UNITY, Maine — Helping one an-other stay warm this winter was the guiding principle Wednesday night at the “Neighbor Warming Neighbor” work group meeting.
About 20 residents gathered for a two-part meeting in two locations. The educational part on home heating operation and safety met at Mac’s Hardware for a session led by Assistant Fire Chief David Smith.
They regrouped at the Unity Community Center to review the Neighbor Warming Neighbor business plan and assess group resources for completing tasks to help weatherize homes in the area.
The business plan lays out short-term goals, said Ron Desrosiers of Time & Tide Re-source Conservation & Development Area, a co-sponsor of the weatherization initiative.
Local residents, with the help of Unity College, Time and Tide RC&D, Unity Barn Raisers, Mac’s Hardware, Unity Fire Department and the Waldo Community Action Program, began meeting two months ago to work on an energy plan for the community. Wednesday’s session was the third in the series, which has drawn about 100 people from the town of 1,900.
Smith went over safety tips for wood-burning stoves and wood pellet burners, the use of smoke and carbon monoxide detectors and the use of fire extinguishers.
He warned people against in-stalling kerosene burners in their homes.
“They need a lot of ventilation,” he said.
He also warned against using propane and charcoal grills inside and against using a pro-pane stove as a space heater.
Fire Chief Dennis Turner also cautioned the group that a propane heater needs a carbon monoxide alarm.
Smith demonstrated the PASS functions, for pull, aim, squeeze and sweep, of a fire extinguisher, noting that 10 years is the life span of an extinguisher. Most homeowner units are not rechargeable, he said.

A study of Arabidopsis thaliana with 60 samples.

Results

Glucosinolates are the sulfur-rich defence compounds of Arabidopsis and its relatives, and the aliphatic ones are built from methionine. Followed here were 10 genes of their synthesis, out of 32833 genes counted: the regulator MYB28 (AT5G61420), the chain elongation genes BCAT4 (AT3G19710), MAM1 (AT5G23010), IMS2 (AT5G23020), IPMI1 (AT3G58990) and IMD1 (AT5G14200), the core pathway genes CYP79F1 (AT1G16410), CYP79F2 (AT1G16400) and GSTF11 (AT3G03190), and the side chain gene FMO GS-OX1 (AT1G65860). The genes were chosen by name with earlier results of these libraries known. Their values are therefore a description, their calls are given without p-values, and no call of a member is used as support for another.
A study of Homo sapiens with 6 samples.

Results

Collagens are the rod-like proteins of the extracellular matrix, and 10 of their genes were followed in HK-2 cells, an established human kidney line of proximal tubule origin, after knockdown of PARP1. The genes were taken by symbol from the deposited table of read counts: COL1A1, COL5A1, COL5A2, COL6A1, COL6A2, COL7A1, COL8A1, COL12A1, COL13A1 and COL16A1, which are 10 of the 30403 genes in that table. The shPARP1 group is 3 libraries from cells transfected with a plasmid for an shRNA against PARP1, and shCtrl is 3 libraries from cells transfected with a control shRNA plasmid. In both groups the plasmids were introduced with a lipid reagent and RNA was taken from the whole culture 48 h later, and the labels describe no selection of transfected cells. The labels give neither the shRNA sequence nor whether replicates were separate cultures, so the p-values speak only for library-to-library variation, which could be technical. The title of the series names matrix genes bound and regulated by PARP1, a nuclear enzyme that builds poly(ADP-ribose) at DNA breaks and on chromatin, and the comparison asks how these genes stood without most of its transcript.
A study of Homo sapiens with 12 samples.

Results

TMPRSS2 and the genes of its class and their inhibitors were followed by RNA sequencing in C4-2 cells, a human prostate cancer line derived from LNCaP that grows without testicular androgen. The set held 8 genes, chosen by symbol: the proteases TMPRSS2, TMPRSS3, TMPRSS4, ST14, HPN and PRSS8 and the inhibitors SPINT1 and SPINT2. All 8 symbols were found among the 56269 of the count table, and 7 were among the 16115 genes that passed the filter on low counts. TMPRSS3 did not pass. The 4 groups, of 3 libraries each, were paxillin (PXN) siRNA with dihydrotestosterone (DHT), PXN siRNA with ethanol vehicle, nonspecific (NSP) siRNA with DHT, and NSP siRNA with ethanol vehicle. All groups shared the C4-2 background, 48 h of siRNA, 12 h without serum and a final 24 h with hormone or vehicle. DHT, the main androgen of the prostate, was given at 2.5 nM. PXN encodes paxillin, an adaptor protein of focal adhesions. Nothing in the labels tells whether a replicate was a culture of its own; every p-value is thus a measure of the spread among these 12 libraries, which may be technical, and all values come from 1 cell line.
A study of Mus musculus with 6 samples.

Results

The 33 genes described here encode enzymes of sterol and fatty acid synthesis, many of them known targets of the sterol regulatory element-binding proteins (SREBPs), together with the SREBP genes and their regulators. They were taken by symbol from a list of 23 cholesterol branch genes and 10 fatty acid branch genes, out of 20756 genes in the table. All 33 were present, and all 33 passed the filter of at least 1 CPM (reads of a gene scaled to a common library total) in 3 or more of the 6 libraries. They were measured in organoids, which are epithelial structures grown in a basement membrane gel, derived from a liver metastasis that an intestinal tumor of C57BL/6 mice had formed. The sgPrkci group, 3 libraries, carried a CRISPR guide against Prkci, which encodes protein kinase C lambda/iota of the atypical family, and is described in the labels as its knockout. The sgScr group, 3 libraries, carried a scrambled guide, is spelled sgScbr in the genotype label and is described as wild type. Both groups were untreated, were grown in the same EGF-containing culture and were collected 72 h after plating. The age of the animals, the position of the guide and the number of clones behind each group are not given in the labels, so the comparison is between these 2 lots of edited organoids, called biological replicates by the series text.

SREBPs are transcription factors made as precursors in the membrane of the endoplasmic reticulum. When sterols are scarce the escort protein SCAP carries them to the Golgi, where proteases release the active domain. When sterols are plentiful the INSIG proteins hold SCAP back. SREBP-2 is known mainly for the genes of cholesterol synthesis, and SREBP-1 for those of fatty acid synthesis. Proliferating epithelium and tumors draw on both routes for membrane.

“Once you operate it, you lose pressure, and you have to get another one,” he said.
Focusing on short-term goals, Desrosiers reminded participants that high-energy prices would force many residents this winter to decide be-tween spending money on heat, food or medicines.
“We’ve drafted a plan that has intermediate and long-term goals,” Desrosiers said Wednesday.
The group went over its game plan of identifying homes to be weatherized, recruiting volunteers, finding sponsor-ships, training volunteers and having a weatherization week-end.
“Between mid-September and mid-October, we’ve got a month to identify some homes we’d like to weatherize,” Desrosiers said.
“We decided at the last meeting that it was too much like charity if we went up to a home and said we’d like to weatherize the house,” he said.
He cited the Habitat for Humanity model, in which every-body who gets help wants to give it back.
“We give people an opportunity to give something back, whatever way they can,” he said.
The contribution could be in helping to weatherize someone else’s house, giving money, or making sandwiches for work crews on weatherization week-end.
Recruiting would need 20 to 40 volunteers to be trained and contribute five hours to the effort, Desrosiers said.
Fundraising would begin at the same time. The group estimates that it would need to raise $1,000 to pay for weatherization materials estimated at $50 a kit.
The group will meet again at 6 p.m. Oct. 1, at the Copper Her-ring in Unity, with Larry Horvath from Waldo CAP, who will demonstrate the blower door test used assess heat loss in a residence or small business.
Weatherization training will be held for volunteers on Oct. 18.
On the weekend of Oct. 24-25, teams of three to four students and community members will participate in home weatherization weekend. After viewing a training video as a refresher, the teams will work on 20 homes in Unity and surrounding towns.
Intermediate strategies include energy conservation improvements, and long-term strategies include community-owned energy products and aggregate co-op buying of fuel.